Man those Texans have it hard. If they’re not being chased by maniacs wielding chainsaws or cattle guns, they’re being sent to Scotland to buy small towns for oil tycoons. What’s clear from the movies is that Texas takes many different forms; from the barren deserts of Paris, Texas to the grassy keg parties of Dazed & Confused. Only Texans themselves will ever understand the real Texas, so if you’re going to set your movie there, don’t opt for reality – just tell a yarn as big as the state itself.
And this here Killer Joe is one hell of a yarn. Director William Friedkin’s career dipped on and off the radar after massive success in the early ‘70s with The French Connection and The Exorcist, but this is by far his greatest success since those lofty days four decades ago. Friedkin made a hardly noticed return to high-quality drama back in 2007 with the film Bug, which critics championed but audiences eschewed viewing, unimpressed with this demonless psychological horror “from the director of The Exorcist”. But considering that film an artistic success, Friedkin has wisely chosen to work once more with its crafty writer, the playwright Tracy Letts, and the results are a fiendish delight.
The film opens in a rain-sodden trailer park, as trailer trash Chris Smith looks to his trailer trash dad for some money. Soon he lets his dad, Ansel, in on a plan for the whole family to make some quick easy cash; they kill his mother, Ansel’s ex-wife, and give everyone a share of the insurance payout. Ansel’s current wife bullies her way in for a cut. Chris’s sister Dottie, who is meek, disturbed and perhaps simple-minded, is surprisingly eager for the plan to go ahead.
Enter Killer Joe, an assassin for hire with a gift for making deaths look like accidents, who, as a detective in local law enforcement, has a knack for sidetracking investigations into his own handiwork – investigations he is often in charge of. Unable to pay the man upfront, the Smiths have no choice but to offer Joe a retainer before he can get the job done, in this case exclusive access to the beautiful, fragile Dottie. But pimping out his sister doesn’t sit well with Chris, and delays in the plan don’t sit well with his creditors. Soon there’s enough double crossing going on to fill a bucket of fried chicken.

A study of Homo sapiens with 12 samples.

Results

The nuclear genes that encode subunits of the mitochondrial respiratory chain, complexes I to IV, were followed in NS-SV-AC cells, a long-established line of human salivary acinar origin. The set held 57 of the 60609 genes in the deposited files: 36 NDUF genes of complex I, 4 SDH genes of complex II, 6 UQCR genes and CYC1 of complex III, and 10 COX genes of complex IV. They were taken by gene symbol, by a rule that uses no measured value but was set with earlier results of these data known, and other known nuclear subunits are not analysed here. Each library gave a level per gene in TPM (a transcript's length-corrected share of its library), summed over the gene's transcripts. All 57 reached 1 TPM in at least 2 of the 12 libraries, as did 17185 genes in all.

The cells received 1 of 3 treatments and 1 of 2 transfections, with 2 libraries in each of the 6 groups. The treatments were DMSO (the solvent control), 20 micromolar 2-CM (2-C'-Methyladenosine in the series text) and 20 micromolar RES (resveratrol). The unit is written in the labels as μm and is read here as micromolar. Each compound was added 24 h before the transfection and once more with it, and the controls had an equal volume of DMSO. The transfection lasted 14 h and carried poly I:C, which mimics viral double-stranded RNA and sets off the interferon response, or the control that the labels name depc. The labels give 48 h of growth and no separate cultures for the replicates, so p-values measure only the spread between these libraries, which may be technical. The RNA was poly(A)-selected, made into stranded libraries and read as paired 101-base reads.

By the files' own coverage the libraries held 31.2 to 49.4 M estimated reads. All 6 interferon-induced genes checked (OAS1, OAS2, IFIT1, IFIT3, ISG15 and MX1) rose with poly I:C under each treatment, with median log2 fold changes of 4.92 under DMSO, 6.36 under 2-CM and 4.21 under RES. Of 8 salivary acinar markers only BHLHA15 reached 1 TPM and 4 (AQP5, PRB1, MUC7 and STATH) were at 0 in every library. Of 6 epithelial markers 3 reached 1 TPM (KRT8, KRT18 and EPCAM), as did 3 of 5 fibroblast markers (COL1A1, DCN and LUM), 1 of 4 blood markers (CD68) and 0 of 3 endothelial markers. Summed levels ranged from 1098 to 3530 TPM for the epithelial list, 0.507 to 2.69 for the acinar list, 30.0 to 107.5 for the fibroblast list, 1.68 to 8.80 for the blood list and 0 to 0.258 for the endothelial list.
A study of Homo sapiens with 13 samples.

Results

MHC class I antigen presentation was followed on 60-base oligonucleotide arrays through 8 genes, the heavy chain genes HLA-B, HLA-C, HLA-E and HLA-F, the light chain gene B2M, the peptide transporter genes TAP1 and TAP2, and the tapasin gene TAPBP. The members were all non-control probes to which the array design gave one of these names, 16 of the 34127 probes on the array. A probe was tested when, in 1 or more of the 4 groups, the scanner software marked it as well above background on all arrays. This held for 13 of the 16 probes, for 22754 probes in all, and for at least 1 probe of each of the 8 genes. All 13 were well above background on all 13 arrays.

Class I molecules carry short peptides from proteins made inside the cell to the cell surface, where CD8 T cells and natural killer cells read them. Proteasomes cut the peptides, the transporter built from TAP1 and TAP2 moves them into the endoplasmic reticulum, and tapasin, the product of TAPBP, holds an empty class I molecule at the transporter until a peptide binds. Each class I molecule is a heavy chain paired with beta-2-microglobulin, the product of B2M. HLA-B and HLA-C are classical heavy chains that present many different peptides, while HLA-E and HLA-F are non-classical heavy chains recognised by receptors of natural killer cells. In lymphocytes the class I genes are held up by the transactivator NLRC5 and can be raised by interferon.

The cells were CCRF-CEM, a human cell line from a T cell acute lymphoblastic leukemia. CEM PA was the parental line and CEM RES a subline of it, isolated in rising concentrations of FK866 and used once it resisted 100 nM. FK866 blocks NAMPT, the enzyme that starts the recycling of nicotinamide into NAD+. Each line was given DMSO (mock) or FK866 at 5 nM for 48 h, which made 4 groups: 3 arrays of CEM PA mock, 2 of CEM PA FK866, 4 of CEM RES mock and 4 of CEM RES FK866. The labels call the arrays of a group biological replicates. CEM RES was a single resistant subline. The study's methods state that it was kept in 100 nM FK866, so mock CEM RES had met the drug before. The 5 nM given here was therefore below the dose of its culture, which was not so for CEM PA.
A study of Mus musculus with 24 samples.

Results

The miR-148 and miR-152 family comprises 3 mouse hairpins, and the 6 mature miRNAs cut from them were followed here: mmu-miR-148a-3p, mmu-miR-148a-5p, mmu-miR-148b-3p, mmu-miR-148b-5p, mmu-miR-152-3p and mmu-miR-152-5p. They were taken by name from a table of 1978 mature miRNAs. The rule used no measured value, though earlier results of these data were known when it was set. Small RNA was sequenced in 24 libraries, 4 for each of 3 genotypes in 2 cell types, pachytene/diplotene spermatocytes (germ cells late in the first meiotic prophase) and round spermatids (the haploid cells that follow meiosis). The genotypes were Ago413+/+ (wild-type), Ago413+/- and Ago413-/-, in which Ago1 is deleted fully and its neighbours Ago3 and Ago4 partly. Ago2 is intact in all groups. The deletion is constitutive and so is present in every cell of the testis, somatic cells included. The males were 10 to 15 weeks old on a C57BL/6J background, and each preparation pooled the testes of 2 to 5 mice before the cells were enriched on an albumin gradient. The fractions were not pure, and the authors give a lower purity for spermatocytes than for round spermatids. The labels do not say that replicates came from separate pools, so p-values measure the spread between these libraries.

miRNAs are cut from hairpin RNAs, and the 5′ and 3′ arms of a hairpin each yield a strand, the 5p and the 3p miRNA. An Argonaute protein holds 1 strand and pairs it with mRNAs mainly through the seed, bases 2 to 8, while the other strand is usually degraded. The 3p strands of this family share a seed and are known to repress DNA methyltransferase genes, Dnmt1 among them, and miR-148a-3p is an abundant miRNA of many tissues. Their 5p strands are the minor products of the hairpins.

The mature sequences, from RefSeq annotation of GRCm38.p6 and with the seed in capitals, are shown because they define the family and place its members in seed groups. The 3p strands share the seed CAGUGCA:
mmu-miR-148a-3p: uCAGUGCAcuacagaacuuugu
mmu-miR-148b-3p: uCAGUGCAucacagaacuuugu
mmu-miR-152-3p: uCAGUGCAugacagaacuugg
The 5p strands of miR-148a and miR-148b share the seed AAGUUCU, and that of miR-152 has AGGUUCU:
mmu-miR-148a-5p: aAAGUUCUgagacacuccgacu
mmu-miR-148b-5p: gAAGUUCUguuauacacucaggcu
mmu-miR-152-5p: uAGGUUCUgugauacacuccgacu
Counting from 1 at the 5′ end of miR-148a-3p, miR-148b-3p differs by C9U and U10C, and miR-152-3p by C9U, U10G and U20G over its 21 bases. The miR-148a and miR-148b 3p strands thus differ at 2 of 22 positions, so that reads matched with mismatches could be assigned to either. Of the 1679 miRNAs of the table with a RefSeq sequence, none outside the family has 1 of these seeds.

Adapted from Letts’s play, Killer Joe never feels confined or stagey. It uses superbly framed shots of urban landscapes and clever close-ups to create a whole world for its characters, moving scenes that could have been performed on a bare stage to dirty pool halls and abandoned amusement parks. And while almost no character outside of the Smiths and Joe gets much in the way of any lines, this helps add to the film’s sub-realism, enclosing these characters within the seedy world they have created (even the mother, around whose life much of the film pivots, never gets a word in – it’s not her life we care need to care about).
The theatrical dialogue, bursting with Southern slang, is delivered with relish by the ensemble cast. As Chris, Emile Hirsch puts up a strong backbone for the film, playing the feckless dreamer out of depth and out of ideas. Thomas Haden Church gives his best performance since Sideways as his cuckolded father, an emasculated antithesis of the traditional Texan male. Gina Gershon plies her dime store sex appeal in the role of the manipulatrix second wife Sharla. And as Dottie, Juno Temple brings an easily shed innocence and curiosity while also successfully switching her sweet London lilt into a suitable Southern drawl.
But it is Matthew McConaughey who steals the show as the indecipherable Killer Joe. Part charmer, part animal, McConaughey channels all his romcom handsome into this wolf in poster-boy’s clothing. The result is a career-defining (and likely -mutating) performance, which brings this unscrupulous, despicable but fascinating and somehow extremely likeable character to life.
Fully of clever quirks and details (entering a restaurant Ansel is swift to pick up a half-drunk beer and start swigging), Killer Joe zips along at a strange speed for a film in which altogether little happens. The diabolically black humour that underpins the film will not be to everyone’s taste, culminating as it does in one of the most appalling scenes in recent – and yet it dares you to laugh at the horror. It’s hard to resist. Much like the charms of Killer Joe himself.